Sabino Arana Fundazioa

On Tuesday, the European Democrats organised a conference entitled "The future of democracy and the welfare state after the pandemic". The event was opened by Sandro Gozi, Secretary General of the EDP. Our Basque MEP Izaskun Bilbao (EAJ-PNV) participated as well.

The pandemic has profoundly changed social and political relations. The gulf between citizens and politicians has widened. Repeated lockdowns have severely impacted many people’s mental health. Health restrictions have led to a resurfacing of populism. However, this crisis also represents an opportunity: to remember the value of family, to deepen relationships with neighbours and friends, to bounce back. In this context, the speakers addressed different aspects of the same topic.

Dr. Victor Lapuente, Professor of Political Science at the University of Gothenburg, explained the concept of "Quality of government" and that we need both a healthy democracy and a good quality of government in order to facilitate happy and healthy citizens. This is particularly relevant in times like these: indeed, the countries that have managed the pandemic better are those with an effective democratic government in place.

Arola Urdangarin, Director of the Euroregion Nouvelle Aquitaine-Euskadi-Navarra, spoke about the challenges of cross-border cooperation during the pandemic crisis and stated that "in the post-COVID period, cross-border cooperation shows plenty of opportunities for the development of territories at all levels". In this sense, the EGTC director stressed that "the internationalisation of regions will play an increasingly important role in the construction of Europe”. And, according to a European Commission study, "by solving only 20% of cross-border obstacles, regions could see their GDP increase by 2%".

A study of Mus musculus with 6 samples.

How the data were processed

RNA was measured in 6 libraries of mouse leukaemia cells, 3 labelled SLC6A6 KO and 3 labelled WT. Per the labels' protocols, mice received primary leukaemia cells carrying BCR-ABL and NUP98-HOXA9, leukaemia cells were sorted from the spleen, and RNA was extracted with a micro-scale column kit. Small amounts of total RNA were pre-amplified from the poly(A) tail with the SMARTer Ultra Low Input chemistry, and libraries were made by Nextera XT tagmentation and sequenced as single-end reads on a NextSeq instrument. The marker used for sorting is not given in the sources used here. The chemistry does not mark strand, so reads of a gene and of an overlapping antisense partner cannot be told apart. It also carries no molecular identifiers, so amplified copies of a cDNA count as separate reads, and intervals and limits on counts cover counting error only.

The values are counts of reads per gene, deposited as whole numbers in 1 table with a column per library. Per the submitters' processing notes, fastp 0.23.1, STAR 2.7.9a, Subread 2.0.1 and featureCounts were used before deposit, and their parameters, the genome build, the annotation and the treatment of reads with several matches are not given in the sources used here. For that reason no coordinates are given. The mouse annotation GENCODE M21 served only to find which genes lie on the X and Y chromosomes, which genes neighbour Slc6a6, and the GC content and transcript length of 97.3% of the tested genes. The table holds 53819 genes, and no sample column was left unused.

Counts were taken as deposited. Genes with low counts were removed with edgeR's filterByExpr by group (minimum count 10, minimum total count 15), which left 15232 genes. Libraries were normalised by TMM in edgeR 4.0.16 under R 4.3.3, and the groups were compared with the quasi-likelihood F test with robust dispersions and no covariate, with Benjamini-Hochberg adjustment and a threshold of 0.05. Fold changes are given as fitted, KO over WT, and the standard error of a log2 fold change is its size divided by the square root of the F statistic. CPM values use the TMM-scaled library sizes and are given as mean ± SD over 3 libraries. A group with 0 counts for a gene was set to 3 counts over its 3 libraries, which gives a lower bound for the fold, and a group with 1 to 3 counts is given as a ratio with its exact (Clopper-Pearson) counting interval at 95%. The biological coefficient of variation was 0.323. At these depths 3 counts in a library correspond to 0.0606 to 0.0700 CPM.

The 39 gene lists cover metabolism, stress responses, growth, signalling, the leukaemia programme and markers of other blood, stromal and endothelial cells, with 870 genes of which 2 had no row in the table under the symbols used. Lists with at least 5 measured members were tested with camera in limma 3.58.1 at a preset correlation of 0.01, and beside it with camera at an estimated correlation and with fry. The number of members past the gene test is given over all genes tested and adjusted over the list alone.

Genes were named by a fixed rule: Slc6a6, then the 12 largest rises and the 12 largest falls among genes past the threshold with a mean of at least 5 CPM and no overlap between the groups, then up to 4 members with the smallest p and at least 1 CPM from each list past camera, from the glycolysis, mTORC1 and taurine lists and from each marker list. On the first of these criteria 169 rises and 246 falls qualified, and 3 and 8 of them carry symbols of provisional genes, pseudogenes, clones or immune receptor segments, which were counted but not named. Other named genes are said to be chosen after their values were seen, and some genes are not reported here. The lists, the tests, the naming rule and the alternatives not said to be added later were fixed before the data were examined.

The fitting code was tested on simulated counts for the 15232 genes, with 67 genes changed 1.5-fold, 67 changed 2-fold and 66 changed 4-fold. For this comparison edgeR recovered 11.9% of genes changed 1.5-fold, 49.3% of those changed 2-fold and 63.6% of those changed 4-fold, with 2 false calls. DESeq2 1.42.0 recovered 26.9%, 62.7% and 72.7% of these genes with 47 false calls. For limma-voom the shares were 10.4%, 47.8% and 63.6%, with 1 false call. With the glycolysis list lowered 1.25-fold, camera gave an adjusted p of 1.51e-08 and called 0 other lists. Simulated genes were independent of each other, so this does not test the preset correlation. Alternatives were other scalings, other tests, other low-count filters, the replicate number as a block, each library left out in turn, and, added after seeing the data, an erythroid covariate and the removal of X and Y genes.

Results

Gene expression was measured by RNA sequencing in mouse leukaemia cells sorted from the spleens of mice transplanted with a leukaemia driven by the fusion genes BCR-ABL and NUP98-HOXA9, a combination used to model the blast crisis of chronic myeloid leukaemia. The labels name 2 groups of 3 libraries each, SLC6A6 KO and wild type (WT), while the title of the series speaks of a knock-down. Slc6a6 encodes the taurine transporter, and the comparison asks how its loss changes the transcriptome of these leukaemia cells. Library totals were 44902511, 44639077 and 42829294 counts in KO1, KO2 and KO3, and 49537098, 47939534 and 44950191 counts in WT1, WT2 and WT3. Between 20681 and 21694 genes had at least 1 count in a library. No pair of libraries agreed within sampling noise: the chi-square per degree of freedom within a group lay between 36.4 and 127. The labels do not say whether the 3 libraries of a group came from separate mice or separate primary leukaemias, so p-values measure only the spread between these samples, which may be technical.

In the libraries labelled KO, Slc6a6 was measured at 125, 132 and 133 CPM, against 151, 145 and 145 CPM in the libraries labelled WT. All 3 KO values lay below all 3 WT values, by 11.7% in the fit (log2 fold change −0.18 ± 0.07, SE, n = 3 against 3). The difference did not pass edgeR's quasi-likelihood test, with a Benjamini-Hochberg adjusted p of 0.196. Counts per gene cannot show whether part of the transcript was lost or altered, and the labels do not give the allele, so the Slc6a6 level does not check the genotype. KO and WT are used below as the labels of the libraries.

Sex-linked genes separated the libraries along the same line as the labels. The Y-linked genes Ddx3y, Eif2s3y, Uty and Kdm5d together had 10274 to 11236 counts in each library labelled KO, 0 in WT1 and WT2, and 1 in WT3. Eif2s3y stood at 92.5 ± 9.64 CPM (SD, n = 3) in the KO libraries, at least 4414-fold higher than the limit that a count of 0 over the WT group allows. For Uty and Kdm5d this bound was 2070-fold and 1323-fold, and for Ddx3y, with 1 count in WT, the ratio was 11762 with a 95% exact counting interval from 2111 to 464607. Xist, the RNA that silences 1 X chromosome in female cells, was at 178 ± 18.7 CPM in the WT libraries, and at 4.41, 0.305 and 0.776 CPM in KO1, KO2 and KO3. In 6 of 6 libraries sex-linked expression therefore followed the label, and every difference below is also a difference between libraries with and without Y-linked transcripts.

Our MEP Izaskun Bilbao introduced two speakers, Carmen Salcedo and Renato Zerbini Ribeiro, arguing that "the 'we' cannot be abandoned. Solidarity is the basis of social cohesion". Carmen Salcedo, Professor of Labour Law in Valencia and advisor to the Council of Europe, introduced the European Social Charter which signifies a new standard of social rights that is unique in the world. According to her, Covid-19 "has particularly affected social rights, which is why the response to the pandemic must be based on the recovery and strengthening of all these rights. The ideal legal instrument to achieve this objective is the European Social Charter", as it is "the most representative and committed treaty in favour of social rights of all those that exist on the international scene".

Renato Zerbini Ribiero joined the seminar from Brazil. The Professor of International Law at the University of Brasilia and Chair of the UN Committee on Economic, Social and Cultural Rights recalled that "special measures must be implemented urgently to mitigate the effects of the pandemic on the most vulnerable. This means ensuring equal and fair access to vaccines and information on Covid-19, more investment in social protection systems, but also Internet access for all.”

Social rights - for example support for the most vulnerable or investments in gender equality - have too often taken a back seat during the pandemic. However, Covid-19 has affected social rights in particular. The response to the pandemic must therefore be based on restoring and strengthening these rights.